Thursday, January 12, 2006

Judas goes the way of Limbo?

I know, it's merely coincidence that in only a few months, both Limbo and now the picture of Judas as an 'evildoer' are being reconsidered. If anyone wants to speculate on what's next, feel free.

JUDAS ISCARIOT, the disciple who betrayed Jesus with a kiss, is to be given a makeover by Vatican scholars.

The proposed “rehabilitation” of the man who was paid 30 pieces of silver to identify Jesus to Roman soldiers in the Garden of Gethsemane, comes on the ground that he was not deliberately evil, but was just “fulfilling his part in God’s plan”.

Now, a campaign led by Monsignor Walter Brandmuller, head of the Pontifical Committee for Historical Science, is aimed at persuading believers to look kindly at a man reviled for 2,000 years.

Mgr Brandmuller told fellow scholars it was time for a “re-reading” of the Judas story. He is supported by Vittorio Messori, a prominent Catholic writer close to both Pope Benedict XVI and the late John Paul II.

Signor Messori said that the rehabilitation of Judas would “resolve the problem of an apparent lack of mercy by Jesus toward one of his closest collaborators”.

He told La Stampa that there was a Christian tradition that held that Judas was forgiven by Jesus and ordered to purify himself with “spiritual exercises” in the desert.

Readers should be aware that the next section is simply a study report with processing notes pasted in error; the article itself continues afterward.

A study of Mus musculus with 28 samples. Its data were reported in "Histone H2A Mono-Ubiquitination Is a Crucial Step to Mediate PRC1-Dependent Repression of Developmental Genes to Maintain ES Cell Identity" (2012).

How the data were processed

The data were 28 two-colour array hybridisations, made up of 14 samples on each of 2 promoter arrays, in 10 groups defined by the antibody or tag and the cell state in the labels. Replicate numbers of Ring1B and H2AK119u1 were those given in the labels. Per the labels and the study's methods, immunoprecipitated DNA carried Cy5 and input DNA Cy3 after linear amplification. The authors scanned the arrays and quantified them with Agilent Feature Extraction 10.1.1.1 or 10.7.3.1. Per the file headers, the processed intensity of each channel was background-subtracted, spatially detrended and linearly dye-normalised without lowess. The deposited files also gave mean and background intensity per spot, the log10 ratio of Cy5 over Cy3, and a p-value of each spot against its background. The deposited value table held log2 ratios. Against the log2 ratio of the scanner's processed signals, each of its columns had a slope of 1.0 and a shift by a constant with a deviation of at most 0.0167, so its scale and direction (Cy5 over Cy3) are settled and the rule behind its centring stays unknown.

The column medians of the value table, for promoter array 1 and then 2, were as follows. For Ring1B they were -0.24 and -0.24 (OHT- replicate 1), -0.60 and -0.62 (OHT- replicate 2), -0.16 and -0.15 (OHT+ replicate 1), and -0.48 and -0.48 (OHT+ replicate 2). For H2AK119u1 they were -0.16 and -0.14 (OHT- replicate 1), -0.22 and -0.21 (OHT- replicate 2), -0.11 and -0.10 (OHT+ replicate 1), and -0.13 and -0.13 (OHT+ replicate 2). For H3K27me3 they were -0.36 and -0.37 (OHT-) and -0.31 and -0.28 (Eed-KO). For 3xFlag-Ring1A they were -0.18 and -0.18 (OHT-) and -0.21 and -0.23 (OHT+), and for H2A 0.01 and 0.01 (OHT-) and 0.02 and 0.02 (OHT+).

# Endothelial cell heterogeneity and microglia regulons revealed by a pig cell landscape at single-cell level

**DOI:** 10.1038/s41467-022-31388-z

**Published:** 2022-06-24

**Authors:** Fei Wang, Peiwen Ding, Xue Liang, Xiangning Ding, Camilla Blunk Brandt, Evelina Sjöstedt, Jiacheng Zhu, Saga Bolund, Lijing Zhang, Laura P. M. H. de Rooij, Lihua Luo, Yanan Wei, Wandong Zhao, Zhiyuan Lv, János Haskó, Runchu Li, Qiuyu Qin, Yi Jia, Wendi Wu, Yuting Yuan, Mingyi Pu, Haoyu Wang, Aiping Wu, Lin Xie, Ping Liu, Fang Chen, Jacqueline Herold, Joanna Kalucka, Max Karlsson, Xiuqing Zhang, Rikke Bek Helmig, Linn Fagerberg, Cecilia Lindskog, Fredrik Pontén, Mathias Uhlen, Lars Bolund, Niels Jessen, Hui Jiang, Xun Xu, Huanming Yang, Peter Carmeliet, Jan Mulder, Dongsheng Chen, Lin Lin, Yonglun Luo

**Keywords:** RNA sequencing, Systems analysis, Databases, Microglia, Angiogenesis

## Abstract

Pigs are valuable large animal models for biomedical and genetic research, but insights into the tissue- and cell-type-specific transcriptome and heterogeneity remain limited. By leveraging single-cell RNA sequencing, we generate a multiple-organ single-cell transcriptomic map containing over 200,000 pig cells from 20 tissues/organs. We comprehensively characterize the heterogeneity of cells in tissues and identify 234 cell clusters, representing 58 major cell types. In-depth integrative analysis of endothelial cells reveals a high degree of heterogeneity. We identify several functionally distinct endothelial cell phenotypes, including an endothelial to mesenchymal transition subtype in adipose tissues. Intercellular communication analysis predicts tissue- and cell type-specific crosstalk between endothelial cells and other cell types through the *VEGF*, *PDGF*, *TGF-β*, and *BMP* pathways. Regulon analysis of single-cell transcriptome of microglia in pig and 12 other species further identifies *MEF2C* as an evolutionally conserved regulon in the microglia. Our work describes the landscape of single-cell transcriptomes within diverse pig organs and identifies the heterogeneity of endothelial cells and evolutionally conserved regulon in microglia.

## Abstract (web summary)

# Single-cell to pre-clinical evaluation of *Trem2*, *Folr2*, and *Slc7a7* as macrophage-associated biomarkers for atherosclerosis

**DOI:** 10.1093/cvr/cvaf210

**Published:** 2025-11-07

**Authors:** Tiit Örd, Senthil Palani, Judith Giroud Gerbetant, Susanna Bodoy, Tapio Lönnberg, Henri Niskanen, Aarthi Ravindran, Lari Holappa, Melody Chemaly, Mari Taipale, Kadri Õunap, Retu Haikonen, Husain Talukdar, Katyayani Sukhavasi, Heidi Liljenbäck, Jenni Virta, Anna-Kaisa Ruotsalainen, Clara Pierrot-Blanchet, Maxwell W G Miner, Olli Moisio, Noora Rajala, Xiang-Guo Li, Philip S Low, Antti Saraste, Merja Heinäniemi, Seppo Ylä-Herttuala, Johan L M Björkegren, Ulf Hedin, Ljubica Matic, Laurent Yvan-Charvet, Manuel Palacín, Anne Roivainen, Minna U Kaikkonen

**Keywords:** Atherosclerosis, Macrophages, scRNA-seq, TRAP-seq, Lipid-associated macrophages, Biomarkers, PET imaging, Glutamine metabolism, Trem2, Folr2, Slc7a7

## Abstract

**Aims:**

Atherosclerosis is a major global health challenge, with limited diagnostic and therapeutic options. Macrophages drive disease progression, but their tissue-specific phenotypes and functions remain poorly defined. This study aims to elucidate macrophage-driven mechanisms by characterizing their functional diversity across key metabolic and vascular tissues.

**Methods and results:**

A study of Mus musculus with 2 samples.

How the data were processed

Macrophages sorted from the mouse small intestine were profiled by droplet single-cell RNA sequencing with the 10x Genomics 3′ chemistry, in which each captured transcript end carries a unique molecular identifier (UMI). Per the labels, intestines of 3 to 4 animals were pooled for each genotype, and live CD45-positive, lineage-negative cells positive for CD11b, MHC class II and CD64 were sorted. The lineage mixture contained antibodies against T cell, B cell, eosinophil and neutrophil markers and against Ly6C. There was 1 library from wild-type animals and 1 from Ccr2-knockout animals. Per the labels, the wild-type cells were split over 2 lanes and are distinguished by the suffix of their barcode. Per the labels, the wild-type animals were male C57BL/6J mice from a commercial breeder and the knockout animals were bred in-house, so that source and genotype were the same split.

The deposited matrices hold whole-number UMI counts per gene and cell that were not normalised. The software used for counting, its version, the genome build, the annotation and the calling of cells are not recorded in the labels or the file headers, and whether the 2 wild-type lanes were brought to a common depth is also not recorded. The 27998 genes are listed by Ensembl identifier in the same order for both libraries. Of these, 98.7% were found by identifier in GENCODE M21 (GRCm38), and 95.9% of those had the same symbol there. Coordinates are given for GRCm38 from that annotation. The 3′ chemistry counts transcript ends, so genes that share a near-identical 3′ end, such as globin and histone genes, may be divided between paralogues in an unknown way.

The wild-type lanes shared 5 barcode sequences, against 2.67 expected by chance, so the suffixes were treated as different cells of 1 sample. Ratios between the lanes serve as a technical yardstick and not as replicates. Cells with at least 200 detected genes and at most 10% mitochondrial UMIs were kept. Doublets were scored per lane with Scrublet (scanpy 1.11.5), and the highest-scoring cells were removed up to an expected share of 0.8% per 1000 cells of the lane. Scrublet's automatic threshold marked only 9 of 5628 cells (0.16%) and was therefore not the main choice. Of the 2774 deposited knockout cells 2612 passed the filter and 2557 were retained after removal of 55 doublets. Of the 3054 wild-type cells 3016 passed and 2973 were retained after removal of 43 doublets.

The move to clear Judas’s name coincides with plans to publish the alleged Gospel of Judas for the first time in English, German and French. Though not written by Judas, it is said to reflect the belief among early Christians — now gaining ground in the Vatican — that in betraying Christ Judas was fulfilling a divine mission, which led to the arrest and Crucifixion of Jesus and hence to man’s salvation.

Mgr Brandmuller said that he expected “no new historical evidence” from the supposed gospel, which had been excluded from the canon of accepted Scripture.

But it could “serve to reconstruct the events and context of Christ’s teachings as they were seen by the early Christians”. This included that Jesus had always preached “forgiveness for one’s enemies”.

Some Vatican scholars have expressed concern over the reconsideration of Judas. Monsignor Giovanni D’Ercole, a Vatican theologian, said it was “dangerous to re-evaulate Judas and muddy the Gospel accounts by reference to apocryphal writings. This can only create confusion in believers.” The Gospels tell how Judas later returned the 30 pieces of silver — his “blood money” — and hanged himself, or according to the Acts of the Apostles, “fell headlong and burst open so that all his entrails burst out”.

Read the complete article Judas the Misunderstood from Times Online.